Kicking off Hysterical Women’s #NotNeurotic series, in partnership with BetterYou
Today I’m thrilled to be launching #NotNeurotic, Hysterical Women’s exploration of how mothers, trans and non-binary parents are treated in healthcare. It’s a series I’ve wanted to run for a long time and March 2021, in the run up to Mothers’ Day, feels like an especially significant and important time to do so.
We’re now 12 months into a pandemic that has been tough on all of us, but has taken a particular toll on mothers and those with caring responsibilities. We’ve seen partners excluded from pregnancy scans and other appointments, people left to miscarry alone, and even endure early labour alone. We’ve seen new parents isolated, unable to access all the usual support of family and friends that many parents of newborns rely on during those challenging early days. We’ve also seen the burden of home schooling fall disproportionately on mothers, and we’ve seen self-employed people penalised, when accessing income support, for having taken maternity leave within the last three years.
Over the last two and a half years of running Hysterical Women, too, I’ve seen countless examples of women’s pregnancy concerns being fobbed off, and their pain being dismissed during labour. I’ve published posts by mums whose own postpartum health issues have been minimised and overlooked, because “at least you’ve got a healthy baby.” And I’ve heard from teenage girls who, when seeking healthcare for troubling symptoms, have seen GPs dismiss their mothers as ‘neurotic’, or even accuse them of planting ideas in their daughters’ heads.
The most extreme examples of this bias can be seen in recent maternity scandals at Shrewsbury and Telford Hospital Trust, East Kent Hospitals University Trust and the University Hospitals of Morecambe Bay, as well as the racial inequalities in maternal mortality highlighted by the MMBRACE report. In December 2020, the Ockenden Report into the failings at Shrewbury and Telford found that women were not listened to and blamed for the death of their babies. Then there are the examples from later on in women’s motherhood journeys, like Clare who was accused of fabricating her teenage daughter Merryn’s severe M.E., and Emily whose mother Caron was dismissed as overly anxious and interfering.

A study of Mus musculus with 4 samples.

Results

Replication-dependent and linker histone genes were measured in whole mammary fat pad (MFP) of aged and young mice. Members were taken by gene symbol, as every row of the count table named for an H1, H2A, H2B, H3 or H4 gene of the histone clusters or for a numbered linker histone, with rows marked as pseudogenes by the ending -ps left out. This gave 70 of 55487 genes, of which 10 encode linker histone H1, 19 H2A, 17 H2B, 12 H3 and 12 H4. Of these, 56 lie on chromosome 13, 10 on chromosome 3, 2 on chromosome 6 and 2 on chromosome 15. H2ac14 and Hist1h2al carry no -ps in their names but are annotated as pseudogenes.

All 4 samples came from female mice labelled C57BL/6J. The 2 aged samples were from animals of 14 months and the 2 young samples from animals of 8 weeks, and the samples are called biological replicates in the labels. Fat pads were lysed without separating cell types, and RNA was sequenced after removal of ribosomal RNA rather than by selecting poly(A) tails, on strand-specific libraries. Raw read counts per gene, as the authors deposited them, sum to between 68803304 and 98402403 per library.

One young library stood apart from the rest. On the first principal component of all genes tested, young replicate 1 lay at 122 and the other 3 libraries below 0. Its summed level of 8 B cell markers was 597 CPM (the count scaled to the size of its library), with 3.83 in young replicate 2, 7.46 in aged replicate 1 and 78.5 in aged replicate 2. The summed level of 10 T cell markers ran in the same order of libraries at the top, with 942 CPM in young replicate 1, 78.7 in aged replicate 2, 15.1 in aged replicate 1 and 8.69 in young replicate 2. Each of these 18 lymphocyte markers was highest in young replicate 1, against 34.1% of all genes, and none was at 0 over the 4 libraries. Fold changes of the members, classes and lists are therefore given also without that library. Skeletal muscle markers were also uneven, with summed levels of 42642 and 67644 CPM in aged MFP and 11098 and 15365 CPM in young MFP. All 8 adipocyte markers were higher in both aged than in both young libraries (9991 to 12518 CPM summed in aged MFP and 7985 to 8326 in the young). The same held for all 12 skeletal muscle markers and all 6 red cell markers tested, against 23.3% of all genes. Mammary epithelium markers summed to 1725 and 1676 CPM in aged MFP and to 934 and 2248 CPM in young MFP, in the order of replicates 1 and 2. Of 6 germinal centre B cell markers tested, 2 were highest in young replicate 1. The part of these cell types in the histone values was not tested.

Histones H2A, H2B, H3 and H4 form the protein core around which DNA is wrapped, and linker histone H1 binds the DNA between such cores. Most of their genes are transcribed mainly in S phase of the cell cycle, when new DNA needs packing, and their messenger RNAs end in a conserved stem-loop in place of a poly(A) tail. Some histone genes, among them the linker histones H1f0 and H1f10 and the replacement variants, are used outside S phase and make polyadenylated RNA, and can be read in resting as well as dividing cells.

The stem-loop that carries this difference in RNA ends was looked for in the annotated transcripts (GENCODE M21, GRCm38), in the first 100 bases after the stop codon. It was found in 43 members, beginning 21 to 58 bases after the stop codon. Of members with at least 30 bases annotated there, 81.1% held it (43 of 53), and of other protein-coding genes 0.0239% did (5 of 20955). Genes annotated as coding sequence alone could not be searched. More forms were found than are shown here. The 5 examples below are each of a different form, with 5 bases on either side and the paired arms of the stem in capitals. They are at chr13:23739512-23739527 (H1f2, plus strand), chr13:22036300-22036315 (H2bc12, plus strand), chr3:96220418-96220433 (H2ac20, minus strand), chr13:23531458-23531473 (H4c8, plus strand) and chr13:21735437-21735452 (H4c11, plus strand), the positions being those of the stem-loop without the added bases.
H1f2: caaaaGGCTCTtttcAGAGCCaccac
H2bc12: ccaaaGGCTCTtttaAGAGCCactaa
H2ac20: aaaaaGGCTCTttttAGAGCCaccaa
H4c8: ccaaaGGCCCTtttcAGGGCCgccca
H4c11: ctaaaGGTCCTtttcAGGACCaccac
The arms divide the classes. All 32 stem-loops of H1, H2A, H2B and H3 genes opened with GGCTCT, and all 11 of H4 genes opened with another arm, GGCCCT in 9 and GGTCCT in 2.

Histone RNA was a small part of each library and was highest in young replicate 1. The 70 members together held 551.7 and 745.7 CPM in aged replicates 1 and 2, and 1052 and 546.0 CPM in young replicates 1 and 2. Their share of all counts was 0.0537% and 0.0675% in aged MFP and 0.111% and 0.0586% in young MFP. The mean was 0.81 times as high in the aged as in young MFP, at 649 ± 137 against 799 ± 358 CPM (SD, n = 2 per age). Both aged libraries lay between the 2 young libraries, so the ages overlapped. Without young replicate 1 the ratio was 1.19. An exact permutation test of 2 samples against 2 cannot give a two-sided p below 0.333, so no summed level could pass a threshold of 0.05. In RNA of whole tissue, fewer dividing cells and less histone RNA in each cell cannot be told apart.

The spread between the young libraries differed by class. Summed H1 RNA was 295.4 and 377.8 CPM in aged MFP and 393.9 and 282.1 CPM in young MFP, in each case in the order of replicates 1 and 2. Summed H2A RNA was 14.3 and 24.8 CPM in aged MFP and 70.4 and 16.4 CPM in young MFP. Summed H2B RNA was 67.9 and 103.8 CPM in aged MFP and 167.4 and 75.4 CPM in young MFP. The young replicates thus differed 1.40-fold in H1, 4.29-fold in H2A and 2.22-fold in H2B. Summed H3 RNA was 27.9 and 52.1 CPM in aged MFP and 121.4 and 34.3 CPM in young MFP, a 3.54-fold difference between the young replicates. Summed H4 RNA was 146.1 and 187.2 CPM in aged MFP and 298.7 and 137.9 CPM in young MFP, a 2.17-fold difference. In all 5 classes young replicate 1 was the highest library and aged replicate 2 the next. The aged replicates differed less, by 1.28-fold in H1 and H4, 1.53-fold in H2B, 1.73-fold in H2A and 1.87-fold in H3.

When it comes to women’s everyday lives, parenting remains one of the most obvious bastions of gender inequality. This isn’t exclusive to health, but seeps into virtually every aspect of professional, personal and domestic life. Like those who’ve picked up the brunt of home schooling – often while working full-time themselves – during the pandemic, mothers are still more often than not the ones who carry the largest burden of childcare and parental admin.
Mothers are expected to do everything, know everything, and be everything to everyone. They’re held up as paragons of selfless, self-sacrificing unconditional love. But they’re also belittled and, when it really counts, seen as ‘just a mum’; neurotic, overprotective, making a fuss. Their maternal instinct, intuition, and intimate knowledge of their own children become meaningless in the face of those who see themselves as the real experts.
It’s also important to highlight that non-binary parents and trans men who become ‘seahorse parents’ almost invariably find themselves excluded from conversations around perinatal care, childbirth, and even the broader aspects of parenting that society still expects to fall to ‘the mother’. The recent furore over Brighton and Sussex University Hospital’s guidelines on inclusive language highlights just how far we still have to go when it comes to including all relevant people and experiences in discussions about gender and bias in healthcare.
I don’t think I can put it any better myself than BSUH does in their policy document, and I’ve tried to be guided by this approach in running Hysterical Women and in the commissioning of this series: “For us, a gender-additive approach means using gender neutral language alongside the language of womanhood, in order to ensure that everyone is represented and included… If we only use gender neutral language, we risk marginalising or erasing the experience of some of the women and people who use our services… We believe in human rights-based care and we can add inclusive language to our current language without subtracting anyone.”
I’m very grateful to pill-free supplement brand BetterYou for making this series possible. As a runner I’ve been using BetterYou’s transdermal magnesium flakes, oils and lotions for years to help with muscle recovery, so it’s great to be able to team up with them for this.
BetterYou is sponsoring five paid guest posts by mothers and parents from under-represented backgrounds, to celebrate the launch of their new range of family health supplements.
Developed in partnership with nutritional therapist, author and mother Madeleine Shaw, the range includes a Conception Daily Oral Spray; Pregnancy Daily Oral Spray; Hair, Skin & Nails Daily Oral Spray and a Children’s Health Daily Oral Spray, designed to support mothers and parents at every stage of their own and their family’s journey.
BetterYou is also offering Hysterical Women readers 15% off their entire range, using discount code HYSTERICALWOMEN. This is valid for one use per customer until 30 April on all products except test kits and bundles.
Thanks also to everyone who pitched for this series. I’ve now commissioned the five paid guest posts and will be publishing these every couple of days until Mothers’ Day on Sunday 14 March, before concluding #NotNeurotic with a BetterYou giveaway.